The only way to see your Leica as investment is if you buy a vestment with a pocket big enough to hold it.
I do use a digital device in my photographic pursuits when necessary.
When someone rags on me for using film, I use a middle digit, upraised.
I would only hope that those who keep saving their money and never spending it on anything for fun would realize that they can't take it with them. I once heard a pastor say that in the many hundreds of funerals he had attended he never once saw an armored car following the hearse!
If you don't want to stand behind our troops, please feel free to stand in front of them.
I agree on the basis that productivity is the prime reason to buy a camera.
Originally Posted by cliveh
To the OP, a camera that makes the pictures is worth more than one sat in a drawer, whatever the purchase price of each. Except every Leica body or lens I have ever bought (excluding a relatively recent full frame body that cannot be mentioned on APUG for reasons that go against the 'prime directive'), is now worth considerably more than I bought it for (ten lenses, currently three film bodies). Yet they are not investments, they are to use, and so have to take the potential abuse. So an 'investment' would be something to put out of the way of risk as much as possible, otherwise trying to use it is likely compromise the pictures made by being too careful.
I shoot Leica and have bought and sold a few lenses. I have always profited, even if I paid "normal" used price when buying. I know at least one lens I owned that was worth $1100 in 2006 is now going for well over $2000. So yeah, if you choose lenses carefully, they will generally all appreciate. Bodies, not so much.
And I can't think of a time when Leica lens values went down rather than up.
I have zero debt. Friends and acquaintances are very confused about how I manage to be semi-retired at 46 with a thirty foot boat. Some of it was just plain good luck, but it was important that I was in a mental and financial position to allow that luck to happen, and then be able to take advantage of it. Everything you have that you don't own, owns you. I learned that some time ago.
Originally Posted by Jim Jones
All my camera gear has been an investment, but the investment is realized by the cash flow created by my use of the camera. There are about a zillion better investments than capitol appreciation on a camera. Burying money in a hole is among them.
That's just, like, my opinion, man...
Sponsored Ad. (Subscribers to APUG have the option to remove this ad.)
A very wise and true statement.
Originally Posted by JBrunner
“The contemplation of things as they are, without error or confusion, without substitution or imposture, is in itself a nobler thing than a whole harvest of invention”
Is the Leica an "Investment?"
+1 heck +10
Originally Posted by JBrunner
Want to pass along some of that luck? I'm ready to receive it, I really am, tell me where to go and what to do and I'll do it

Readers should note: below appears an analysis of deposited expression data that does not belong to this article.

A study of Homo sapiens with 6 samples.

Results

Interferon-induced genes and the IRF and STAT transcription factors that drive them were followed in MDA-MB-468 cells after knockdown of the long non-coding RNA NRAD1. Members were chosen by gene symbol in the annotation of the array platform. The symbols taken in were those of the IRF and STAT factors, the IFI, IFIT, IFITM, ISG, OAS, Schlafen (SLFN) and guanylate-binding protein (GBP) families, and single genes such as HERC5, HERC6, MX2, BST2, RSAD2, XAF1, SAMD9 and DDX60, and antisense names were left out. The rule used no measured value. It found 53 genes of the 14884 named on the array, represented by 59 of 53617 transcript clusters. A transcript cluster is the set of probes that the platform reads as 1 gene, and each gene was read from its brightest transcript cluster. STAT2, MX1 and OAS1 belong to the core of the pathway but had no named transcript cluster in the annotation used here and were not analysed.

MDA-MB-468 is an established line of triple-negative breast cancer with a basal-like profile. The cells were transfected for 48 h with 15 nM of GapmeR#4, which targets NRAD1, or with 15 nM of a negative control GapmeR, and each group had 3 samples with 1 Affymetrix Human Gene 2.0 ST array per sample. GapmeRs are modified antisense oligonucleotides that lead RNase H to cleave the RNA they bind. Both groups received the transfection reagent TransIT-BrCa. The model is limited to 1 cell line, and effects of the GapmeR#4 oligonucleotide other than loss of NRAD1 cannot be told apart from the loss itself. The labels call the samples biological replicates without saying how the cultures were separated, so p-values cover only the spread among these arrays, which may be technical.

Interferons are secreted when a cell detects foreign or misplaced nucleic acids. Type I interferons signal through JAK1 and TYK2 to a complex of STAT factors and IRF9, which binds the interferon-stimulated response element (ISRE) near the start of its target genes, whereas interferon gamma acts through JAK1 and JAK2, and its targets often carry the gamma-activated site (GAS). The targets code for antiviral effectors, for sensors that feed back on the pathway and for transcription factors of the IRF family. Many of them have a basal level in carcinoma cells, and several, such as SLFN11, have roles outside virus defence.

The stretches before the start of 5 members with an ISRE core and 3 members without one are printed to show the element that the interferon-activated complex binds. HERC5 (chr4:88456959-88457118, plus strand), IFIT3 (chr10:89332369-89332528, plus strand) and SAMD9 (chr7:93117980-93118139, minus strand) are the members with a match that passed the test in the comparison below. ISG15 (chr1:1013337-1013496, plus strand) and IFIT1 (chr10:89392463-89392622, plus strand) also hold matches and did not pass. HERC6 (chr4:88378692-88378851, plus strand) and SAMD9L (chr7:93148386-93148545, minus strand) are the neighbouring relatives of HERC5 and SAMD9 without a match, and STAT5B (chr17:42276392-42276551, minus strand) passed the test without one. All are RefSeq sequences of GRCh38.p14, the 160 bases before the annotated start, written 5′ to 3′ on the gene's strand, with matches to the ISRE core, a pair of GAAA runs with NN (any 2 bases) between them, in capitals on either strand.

Also, a Leica is just like a leaky boat, too expensive and not worth the effort in labor... Hehe
Mamiya: 7 II, RZ67 Pro II / Canon: 1V, AE-1, 5DmkII / Kodak: No 1 Pocket Autographic, No 1A Pocket Autographic | Sent w/ iPhone using Tapatalk
My mother was born in 1938, my aunt in 1940 and my other aunt in 1942. After which, my grand-father went volunteer in WWII in 1943 (he was 32 and with three children, never to be called) to defend the fatherland from the incoming invasion by the bloody foreigner. Apparently somebody with a lot of belly and not many hair told him we would have repelled the invader on the shores of Sicily*.
Originally Posted by pbromaghin
The lesson I can derive from this is that if only rational people made children, the world would be inhabited by now
* He told me later that on southern Sicily where he was sent the defence was constituted by an average machine-gun every 11 km of coast. Not joking.
My outlook on investing, and business in general, is always to do a little better tomorrow than I did today. In business, I try to increase my inventory and sales by 5% a month. It's not at all easy, I don't have a lot of experience being in business for myself, but after three years of steadily increasing sales, I have learned a lot. Last year I passed the point where my business income passed what I get from my regular job. I find that now I have money, but I rarely have any free time or a day off.
In the next year I will incorporate, and if sales improve as much as they hope, I will quit my job, and work for myself. I recently branched out into a new field of goods, and the results were better than expected. Unfortunately, I don't have enough time to pursue the new goods until I hire a helper to do some of my current work.
When I was young, I didn't have a good idea about how investments worked. It seemed like black magic to me. I discovered that investing was simply buying low and selling high. I eventually found a niche in which I could invest in something I understood and enjoyed. I was surprised that I could make money at it.
It is nice to see business and investments grow. It is like building a house, or creating a painting. It is fun to try other ideas and see the results, and even more fun when the ideas are successful. I now have to become a better time manager.
I'm sure many will disagree, but in the 30's and 40's, if you were insistent on shooting the 35mm films of the day, a Leica would be the only way to go.. However, nowadays, a Leica is more jewelry than actual tool. Just my opinion.